Always beware of any leaders with an over bloated sense of purpose.
A clue bat for the DailyMail team, we are already in a world war, with islam, any conflagration between these two state would be only adding to conflict at large.
The Sultan and the Tsar: Will the imperial ambitions of Russia’s Putin and Turkey’s Erdogan spark a new World War, asks historian MICHAEL BURLEIGH
Syria is now the battleground for a proxy war between two regional powers, Russia or Turkey, or more particularly between their ego-fuelled presidents: Recep Erdogan (R) and Vladimir Putin (L)
There is no end in sight to the disaster unfolding in the vast refugee camps of Jordan and Turkey, among the 60,000 terrified civilians massing on the Syrian border and on Europe’s corpse-strewn Aegean shoreline.
Far from it. Last week, Syria’s Bashar al-Assad promised to wage war until he had regained every inch of the country. Few believe that plans for an American-backed peace deal can hold. Early indications suggest that the migrant crisis in Europe will be many times worse this year than last.
Entire towns have been laid waste during Syria’s five-year civil war. Up to half a million people on all sides have been killed. Millions are either internally displaced, or worse, languishing in desperate foreign holding centres.
But all this cannot be blamed only on the murderous advance of Islamic State, Assad’s brutality, or the rebels who wish to depose him. Syria is now the battleground for a proxy war between two regional powers, Russia and Turkey, or more particularly between their ego-fuelled presidents: Recep Erdogan and Vladimir Putin. Or, if you like, between the Sultan and the Tsar.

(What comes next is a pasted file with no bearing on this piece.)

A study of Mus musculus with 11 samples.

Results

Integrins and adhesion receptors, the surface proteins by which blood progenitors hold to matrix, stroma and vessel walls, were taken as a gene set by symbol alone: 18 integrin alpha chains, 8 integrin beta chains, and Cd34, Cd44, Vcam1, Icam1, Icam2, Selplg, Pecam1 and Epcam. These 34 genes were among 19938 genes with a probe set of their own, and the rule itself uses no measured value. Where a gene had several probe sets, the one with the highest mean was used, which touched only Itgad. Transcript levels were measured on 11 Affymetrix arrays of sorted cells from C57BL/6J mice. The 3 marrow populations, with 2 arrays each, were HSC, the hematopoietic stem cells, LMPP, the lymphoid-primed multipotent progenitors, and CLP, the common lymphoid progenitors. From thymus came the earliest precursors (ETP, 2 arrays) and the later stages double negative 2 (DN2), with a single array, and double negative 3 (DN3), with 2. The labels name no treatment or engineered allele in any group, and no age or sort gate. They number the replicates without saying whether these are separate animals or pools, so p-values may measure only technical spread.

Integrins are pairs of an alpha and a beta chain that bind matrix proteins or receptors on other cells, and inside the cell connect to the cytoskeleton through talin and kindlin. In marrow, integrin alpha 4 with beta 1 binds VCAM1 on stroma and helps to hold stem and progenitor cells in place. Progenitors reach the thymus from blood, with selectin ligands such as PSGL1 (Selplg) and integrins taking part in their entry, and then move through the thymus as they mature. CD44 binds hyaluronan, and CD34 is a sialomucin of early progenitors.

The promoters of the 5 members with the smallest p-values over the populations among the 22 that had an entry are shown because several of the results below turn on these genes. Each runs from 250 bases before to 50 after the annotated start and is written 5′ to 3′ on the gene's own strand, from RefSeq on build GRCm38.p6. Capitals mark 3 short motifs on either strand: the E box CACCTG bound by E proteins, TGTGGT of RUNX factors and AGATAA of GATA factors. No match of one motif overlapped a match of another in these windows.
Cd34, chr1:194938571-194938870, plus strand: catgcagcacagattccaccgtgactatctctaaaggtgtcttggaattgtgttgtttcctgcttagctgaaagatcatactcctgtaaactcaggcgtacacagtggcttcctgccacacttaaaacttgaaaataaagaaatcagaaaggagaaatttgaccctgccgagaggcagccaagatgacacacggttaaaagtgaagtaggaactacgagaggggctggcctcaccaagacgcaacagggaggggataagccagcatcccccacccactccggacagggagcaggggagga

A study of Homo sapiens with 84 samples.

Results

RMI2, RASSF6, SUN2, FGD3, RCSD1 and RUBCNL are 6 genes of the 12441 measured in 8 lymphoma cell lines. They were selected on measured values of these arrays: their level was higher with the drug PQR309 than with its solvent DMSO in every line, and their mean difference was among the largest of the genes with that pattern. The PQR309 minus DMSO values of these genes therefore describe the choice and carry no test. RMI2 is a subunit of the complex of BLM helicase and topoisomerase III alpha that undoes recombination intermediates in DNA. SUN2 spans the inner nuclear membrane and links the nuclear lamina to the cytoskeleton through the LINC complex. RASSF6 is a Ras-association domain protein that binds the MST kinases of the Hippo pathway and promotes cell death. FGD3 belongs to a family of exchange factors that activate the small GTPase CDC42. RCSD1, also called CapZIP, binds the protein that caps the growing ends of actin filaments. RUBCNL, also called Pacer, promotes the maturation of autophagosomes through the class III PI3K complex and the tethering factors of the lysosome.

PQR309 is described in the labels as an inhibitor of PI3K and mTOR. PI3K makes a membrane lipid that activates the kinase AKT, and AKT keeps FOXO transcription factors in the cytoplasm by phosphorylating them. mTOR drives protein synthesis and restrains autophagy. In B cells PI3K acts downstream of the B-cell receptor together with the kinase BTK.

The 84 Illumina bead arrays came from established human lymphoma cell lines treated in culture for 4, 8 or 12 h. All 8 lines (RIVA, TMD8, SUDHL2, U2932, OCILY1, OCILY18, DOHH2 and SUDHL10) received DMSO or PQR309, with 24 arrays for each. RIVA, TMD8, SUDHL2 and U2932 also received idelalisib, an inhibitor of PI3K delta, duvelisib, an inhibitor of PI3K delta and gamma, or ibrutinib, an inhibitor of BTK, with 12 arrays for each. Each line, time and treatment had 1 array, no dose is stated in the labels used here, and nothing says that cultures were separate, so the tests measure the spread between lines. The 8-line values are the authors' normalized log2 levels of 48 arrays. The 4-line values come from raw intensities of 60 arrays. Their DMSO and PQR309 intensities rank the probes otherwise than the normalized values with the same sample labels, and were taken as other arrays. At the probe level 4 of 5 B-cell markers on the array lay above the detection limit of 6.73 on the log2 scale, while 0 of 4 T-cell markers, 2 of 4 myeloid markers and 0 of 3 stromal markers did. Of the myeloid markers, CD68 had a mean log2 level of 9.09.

These two men, driven by their own imperial ambitions, have no intention of seeking peace in Syria, except on their own terms. It is already an international conflict sucking in fighters from Iran, Saudi Arabia, Qatar, Chechnya and Pakistan, plus Shia from Iraq and Lebanon, and now it threatens to drag in Nato. It is no exaggeration to say the conflict has the potential to become a Third World War.
So it is that the refugees have become a weapon in their own right – a crisis the combatants are relentlessly fuelling in the hope of coercing Western governments into supporting one side or the other.
For its part, Turkey feels it is fighting a battle of survival. It wants to prevent the Kurdish forces in Syria and Iraq from joining with its own Kurdish population to create their own state – which would mean the dismemberment of Turkey.
But Erdogan is also keen to see the removal of Assad, with whom Turkey has major complaints about water resources. So Turkey has allowed foreign jihadis (including from Britain) to cross into Syria to fight with the Al Qaeda-linked Nusra Front and IS.
Erdogan has 10,000 troops trying to suppress a Kurdish insurgency led by the Marxist PKK (supported by Assad) in eastern Turkey, which is next to the autonomous Kurdish region in northern Iraq. The Turks also want to protect 100,000 ethnic Turkmen in Syria who are also opposed to Assad.